The FBI and at least two congressional committees are investigating any ties or possible collusion between President Trump's campaign and Russian intelligence services believed to have tried to help Trump win the election. Americans favor an independent investigation of these allegations 52 percent to 23 percent, according to an Associated Press/NORC poll released Saturday. On Sunday, Trump reiterated what he believes the real story is here:
The president and his allies have been trying to make the story about how the press learned of damaging information about Trump's aides and Russia — a process story. But here's the thing: The leakers may be a story, but they are not the story. The "real story" is that the president of the Unites States and his associates are under active federal investigation for possibly helping a foreign power interfere in a U.S. presidential election. No amount of wishful thinking will make "leaking" the story. You can ask Hillary Clinton's campaign.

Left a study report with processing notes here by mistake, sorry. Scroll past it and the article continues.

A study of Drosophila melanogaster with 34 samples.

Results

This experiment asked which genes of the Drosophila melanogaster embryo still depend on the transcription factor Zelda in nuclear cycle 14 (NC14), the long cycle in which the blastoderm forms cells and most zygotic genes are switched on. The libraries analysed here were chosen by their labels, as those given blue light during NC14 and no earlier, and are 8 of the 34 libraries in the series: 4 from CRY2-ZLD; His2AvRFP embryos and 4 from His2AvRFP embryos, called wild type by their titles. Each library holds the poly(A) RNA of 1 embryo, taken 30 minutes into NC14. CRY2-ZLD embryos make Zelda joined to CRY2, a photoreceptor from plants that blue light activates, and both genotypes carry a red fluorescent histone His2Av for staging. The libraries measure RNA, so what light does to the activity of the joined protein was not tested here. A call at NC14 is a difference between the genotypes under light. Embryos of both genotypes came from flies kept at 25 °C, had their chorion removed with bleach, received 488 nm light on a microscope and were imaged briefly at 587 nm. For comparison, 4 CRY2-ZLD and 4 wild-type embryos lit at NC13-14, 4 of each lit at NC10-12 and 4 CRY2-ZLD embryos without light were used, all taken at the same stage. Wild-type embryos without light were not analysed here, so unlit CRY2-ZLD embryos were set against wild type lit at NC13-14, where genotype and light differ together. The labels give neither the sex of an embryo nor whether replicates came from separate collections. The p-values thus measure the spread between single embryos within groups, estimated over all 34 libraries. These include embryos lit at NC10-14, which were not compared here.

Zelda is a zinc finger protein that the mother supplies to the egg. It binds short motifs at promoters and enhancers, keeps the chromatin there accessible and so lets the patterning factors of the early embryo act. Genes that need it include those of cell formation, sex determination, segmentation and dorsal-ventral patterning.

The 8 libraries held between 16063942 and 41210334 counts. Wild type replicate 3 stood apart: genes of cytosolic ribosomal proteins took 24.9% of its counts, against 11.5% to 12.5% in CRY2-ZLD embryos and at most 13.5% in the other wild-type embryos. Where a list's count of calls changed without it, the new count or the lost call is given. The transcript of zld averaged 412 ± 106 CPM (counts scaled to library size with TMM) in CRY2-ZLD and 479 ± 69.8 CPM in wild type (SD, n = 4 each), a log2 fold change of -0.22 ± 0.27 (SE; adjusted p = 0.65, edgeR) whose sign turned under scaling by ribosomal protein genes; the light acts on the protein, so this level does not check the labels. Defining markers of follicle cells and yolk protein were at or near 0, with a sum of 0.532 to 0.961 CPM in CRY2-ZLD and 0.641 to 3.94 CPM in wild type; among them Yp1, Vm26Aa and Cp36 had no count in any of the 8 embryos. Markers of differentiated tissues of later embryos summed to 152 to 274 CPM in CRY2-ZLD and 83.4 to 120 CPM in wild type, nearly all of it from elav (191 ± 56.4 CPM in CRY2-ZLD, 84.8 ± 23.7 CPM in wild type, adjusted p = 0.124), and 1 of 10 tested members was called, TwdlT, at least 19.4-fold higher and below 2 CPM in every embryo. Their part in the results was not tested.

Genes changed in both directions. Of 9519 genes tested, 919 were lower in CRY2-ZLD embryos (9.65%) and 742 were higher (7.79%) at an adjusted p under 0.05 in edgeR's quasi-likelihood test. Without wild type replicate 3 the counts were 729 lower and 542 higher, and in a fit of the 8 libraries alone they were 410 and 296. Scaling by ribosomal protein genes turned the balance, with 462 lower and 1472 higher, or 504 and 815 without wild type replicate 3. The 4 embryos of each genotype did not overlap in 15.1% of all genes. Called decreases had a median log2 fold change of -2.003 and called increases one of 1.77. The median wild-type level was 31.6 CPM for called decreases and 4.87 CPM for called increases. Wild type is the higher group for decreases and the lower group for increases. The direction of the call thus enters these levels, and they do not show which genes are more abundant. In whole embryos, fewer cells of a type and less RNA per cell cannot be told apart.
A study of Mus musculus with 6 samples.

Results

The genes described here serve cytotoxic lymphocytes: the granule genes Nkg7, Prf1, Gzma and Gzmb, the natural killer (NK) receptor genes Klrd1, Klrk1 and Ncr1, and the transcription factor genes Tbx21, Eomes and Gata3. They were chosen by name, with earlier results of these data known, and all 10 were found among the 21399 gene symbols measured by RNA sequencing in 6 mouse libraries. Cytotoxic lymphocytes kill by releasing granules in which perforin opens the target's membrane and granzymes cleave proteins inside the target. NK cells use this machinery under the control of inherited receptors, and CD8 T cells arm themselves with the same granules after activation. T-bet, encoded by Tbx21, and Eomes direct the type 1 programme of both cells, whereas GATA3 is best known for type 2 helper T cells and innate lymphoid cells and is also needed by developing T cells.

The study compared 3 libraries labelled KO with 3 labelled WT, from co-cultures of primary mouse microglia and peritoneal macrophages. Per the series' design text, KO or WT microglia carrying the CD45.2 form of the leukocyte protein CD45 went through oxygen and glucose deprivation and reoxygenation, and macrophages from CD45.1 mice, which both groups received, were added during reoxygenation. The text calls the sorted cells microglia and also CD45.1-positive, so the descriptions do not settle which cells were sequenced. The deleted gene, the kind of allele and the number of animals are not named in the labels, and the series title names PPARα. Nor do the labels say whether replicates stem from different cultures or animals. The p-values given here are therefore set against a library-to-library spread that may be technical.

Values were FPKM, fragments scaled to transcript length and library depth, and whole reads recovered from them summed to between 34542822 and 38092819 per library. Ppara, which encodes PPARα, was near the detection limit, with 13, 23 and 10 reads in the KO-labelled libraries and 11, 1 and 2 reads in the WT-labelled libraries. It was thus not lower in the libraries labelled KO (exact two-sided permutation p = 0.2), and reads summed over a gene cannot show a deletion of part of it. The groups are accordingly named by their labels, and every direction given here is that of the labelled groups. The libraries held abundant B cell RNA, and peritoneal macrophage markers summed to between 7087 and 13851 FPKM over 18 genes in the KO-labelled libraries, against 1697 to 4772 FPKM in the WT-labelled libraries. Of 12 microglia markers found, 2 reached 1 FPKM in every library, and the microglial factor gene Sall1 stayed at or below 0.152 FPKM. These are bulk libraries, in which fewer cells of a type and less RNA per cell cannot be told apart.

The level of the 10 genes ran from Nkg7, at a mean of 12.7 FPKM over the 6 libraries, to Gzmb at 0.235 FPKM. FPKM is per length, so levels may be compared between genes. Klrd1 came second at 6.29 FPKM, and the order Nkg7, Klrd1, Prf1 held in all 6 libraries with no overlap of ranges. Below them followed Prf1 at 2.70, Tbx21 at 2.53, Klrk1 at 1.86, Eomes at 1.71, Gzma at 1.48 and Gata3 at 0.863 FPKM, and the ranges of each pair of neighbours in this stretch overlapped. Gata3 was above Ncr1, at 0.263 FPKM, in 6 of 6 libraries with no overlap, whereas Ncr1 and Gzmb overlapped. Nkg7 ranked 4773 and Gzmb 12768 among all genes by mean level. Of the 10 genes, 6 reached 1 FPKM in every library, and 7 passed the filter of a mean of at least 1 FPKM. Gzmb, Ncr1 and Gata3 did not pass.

In late August, WikiLeaks chief Julian Assange hinted that he would be releasing election-changing information on Clinton. Nobody (except maybe Roger Stone) knew what Assange had — John Podesta's stolen private emails. Clinton allies noted Fox News used to hate WikiLeaks; Clinton critics on Fox News were giddy. Greg Gutfeld had reservations, and he had a panel of five people on his show to discuss whether what Assange was doing was okay. They were split, but comedian Jeff Dye made an inconvenient, newly relevant argument.
When hackers release nude selfies of celebrities, "everybody felt that that's a violation," Gutfeld said, "but we're okay with Hillary because we don't like Hillary." Dye disagreed: "No, we're okay with it because it's much bigger information, like huge news." He gave an example of a woman finding out her boyfriend was cheating by searching his phone: "The guy will be like, 'That's an invasion of my privacy,' they're like, 'That's not really the point anymore.'"
"When something bigger comes out, you don't get to go, 'That's an invasion of my privacy,'" Dye said. "Now you've got to deal with the bigger thing that they've found."
Like it or not, "we live in a world where we think because nobody caught us, that it's okay," Dye said. "What you do in private is what you are as a human being. That's the real you."